Get what you pay for
Water metering - with safeguards for the vulnerable - is one of the best ways to manage demand, says CIWEM's Nick Reeves
Arguments against mass metering of water supplies just don't stack up. Accompanied by social tariffs - or a separate social allowance to protect the disadvantaged - metering represents one of the most effective methods of managing demand and rationing by price. It's a no-brainer.
Intelligent metering accompanied by tariffs will encourage the wealthy to be less wasteful with water and ensure the disadvantaged have access to the water they need.
In between talk of freak thunderstorms and beating the Australians at cricket, droughts and hose-pipe bans have been the chat of choice for middle England - especially in the drought-hit South.
This isn't just because golf course sprinklers are at it night and day (each course consuming enough water to supply up to 15,000 people each year). It's about the trickle-down effect that starts with hose-pipe bans, and then moves into really big numbers, like the 1.2B people around the world trying to survive without clean and accessible water for drinking, for growing food and for maintaining healthy lifestyles.
One way to test the commitment that flows from last July's G8 Summit is to look at the small change of domestic policy this dry and angst-ridden year - and then talk water meters. We are told ad nauseum by scientists and politicos that climate change is our deadly enemy. So we must use every sustainable measure we can muster. What are we waiting for?
Water availability is a postcode lottery in the UK. This affects the need for water metering from area to area.
National policies don't have any resonance. Most water politics are local. That's why, so far, metering has been a question of personal preference.
Water companies only have to install a meter if an occupier requests it, or when an owner or tenancy changes, or if an area is classified as having water-scarcity status.
Enforced mass metering has been deemed impossible because it is uneconomical - and is generally unpopular with the public. Imposing universal metering is a row waiting to happen, and which nobody has the stomach for. It also comes with a hefty cost attached - £200 a time. But surely governments have to show leadership and be brave.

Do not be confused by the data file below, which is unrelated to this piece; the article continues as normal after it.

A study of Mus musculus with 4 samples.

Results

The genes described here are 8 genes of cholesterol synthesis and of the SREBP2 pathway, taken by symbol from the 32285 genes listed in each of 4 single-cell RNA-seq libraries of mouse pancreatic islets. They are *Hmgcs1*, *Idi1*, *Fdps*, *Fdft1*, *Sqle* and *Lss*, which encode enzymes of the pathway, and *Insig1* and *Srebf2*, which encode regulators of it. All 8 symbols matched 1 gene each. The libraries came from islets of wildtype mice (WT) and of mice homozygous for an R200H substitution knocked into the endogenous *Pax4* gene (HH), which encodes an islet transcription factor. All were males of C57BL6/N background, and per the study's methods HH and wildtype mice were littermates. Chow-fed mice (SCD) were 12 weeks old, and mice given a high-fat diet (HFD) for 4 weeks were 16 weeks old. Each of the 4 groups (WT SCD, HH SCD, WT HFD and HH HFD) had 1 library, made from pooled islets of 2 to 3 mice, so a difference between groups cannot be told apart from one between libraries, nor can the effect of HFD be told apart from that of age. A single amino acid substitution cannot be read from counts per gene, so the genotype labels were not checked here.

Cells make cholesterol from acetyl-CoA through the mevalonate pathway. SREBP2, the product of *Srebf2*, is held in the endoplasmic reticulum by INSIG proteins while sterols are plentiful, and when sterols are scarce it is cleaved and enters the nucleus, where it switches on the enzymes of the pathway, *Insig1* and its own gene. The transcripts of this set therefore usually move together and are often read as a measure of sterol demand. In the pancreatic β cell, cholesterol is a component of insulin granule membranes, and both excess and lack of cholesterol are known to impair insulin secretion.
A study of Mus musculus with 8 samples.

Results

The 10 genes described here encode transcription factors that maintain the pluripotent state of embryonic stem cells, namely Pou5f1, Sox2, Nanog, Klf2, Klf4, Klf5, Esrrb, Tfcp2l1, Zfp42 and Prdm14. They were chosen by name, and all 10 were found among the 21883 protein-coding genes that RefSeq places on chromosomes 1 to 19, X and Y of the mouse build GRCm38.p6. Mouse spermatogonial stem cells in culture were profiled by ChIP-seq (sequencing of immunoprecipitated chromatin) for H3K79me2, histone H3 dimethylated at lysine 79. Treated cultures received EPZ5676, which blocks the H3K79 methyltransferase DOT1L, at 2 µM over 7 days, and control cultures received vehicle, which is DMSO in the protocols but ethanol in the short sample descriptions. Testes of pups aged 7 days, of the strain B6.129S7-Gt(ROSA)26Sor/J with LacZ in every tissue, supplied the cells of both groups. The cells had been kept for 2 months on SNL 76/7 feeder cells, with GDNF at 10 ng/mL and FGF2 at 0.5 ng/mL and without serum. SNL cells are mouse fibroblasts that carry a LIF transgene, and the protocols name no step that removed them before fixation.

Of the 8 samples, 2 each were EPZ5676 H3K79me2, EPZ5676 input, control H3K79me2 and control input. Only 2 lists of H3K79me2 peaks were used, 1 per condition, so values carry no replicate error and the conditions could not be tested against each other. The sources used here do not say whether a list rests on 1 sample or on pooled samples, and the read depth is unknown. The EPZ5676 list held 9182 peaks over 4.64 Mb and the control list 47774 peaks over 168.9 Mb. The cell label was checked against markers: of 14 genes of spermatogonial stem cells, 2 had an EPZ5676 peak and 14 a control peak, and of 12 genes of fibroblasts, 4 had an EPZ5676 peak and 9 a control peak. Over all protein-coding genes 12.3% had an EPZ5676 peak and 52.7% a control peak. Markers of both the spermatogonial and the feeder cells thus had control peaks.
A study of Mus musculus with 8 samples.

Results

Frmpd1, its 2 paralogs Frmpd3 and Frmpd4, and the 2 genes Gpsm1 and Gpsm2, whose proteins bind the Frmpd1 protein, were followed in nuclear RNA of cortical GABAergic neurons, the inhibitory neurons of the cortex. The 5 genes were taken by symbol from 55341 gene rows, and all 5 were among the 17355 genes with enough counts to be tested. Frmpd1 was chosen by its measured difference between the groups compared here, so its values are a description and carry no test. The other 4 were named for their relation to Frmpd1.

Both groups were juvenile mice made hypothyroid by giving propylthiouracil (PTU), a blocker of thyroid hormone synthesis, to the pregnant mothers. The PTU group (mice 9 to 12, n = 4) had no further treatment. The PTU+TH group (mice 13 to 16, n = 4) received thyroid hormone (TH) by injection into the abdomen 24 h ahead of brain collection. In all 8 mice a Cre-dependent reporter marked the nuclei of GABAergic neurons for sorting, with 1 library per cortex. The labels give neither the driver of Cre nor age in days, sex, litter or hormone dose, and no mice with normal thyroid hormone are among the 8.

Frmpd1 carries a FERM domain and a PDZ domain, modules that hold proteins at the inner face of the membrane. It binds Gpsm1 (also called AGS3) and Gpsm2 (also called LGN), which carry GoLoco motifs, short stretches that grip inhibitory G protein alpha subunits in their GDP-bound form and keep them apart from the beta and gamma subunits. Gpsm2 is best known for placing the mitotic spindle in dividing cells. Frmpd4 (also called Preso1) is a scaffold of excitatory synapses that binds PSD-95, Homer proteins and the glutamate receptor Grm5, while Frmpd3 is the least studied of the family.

People should be aware that they don't need to use hose pipes or sprinklers. It's time to focus on a situation we all face: acute climate uncertainty.
We must make natural resources highly valued and too costly to waste. It's time for levers of control - which metering provides. It ensures fair play in a drought. Intelligent metering has the capacity to ration by price, penalise the wasteful and help the
disadvantaged. It is a crucial weapon of the policy maker.
It does nothing to relieve problems of scarcity and drought in parts of the Southeast. But it does begin to move any development of water policy on to higher ground. For too long since privatisation of the utilities, the argument has been bargain-basement stuff.
It's always raining in Britain, they say, so how can they charge so much for water? Why does the price keep rising? And why don't they replace the leaky old pipes? But it isn't always raining - just the opposite.
Over the past 15 years, £50B in City financing has gone into our water and
sewerage infrastructure; cash the Treasury would never have coughed up. And the advance in water quality is huge.
Maybe too much of the infrastructure, especially in London, is too old and reliant on find-and-fix maintenance. Iron pipes more than a hundred years old, long enough to wrap around the world eight times, with 60M joints, are gushing disasters waiting to happen. Yet Ofwat's price review did not allow much in the way of wriggle-room. And spot repairs, they said, were all that were needed.
The debate, after the G8 Summit, is bigger than the argument between accountants, regulators and consumer groups interested in watching the pennies. It's about sustainability now: a future where water is part of a greater equation. And meters belong in that equation, too. The price goes down if they're installed en masse, a bravery bonus that even our politicians could share.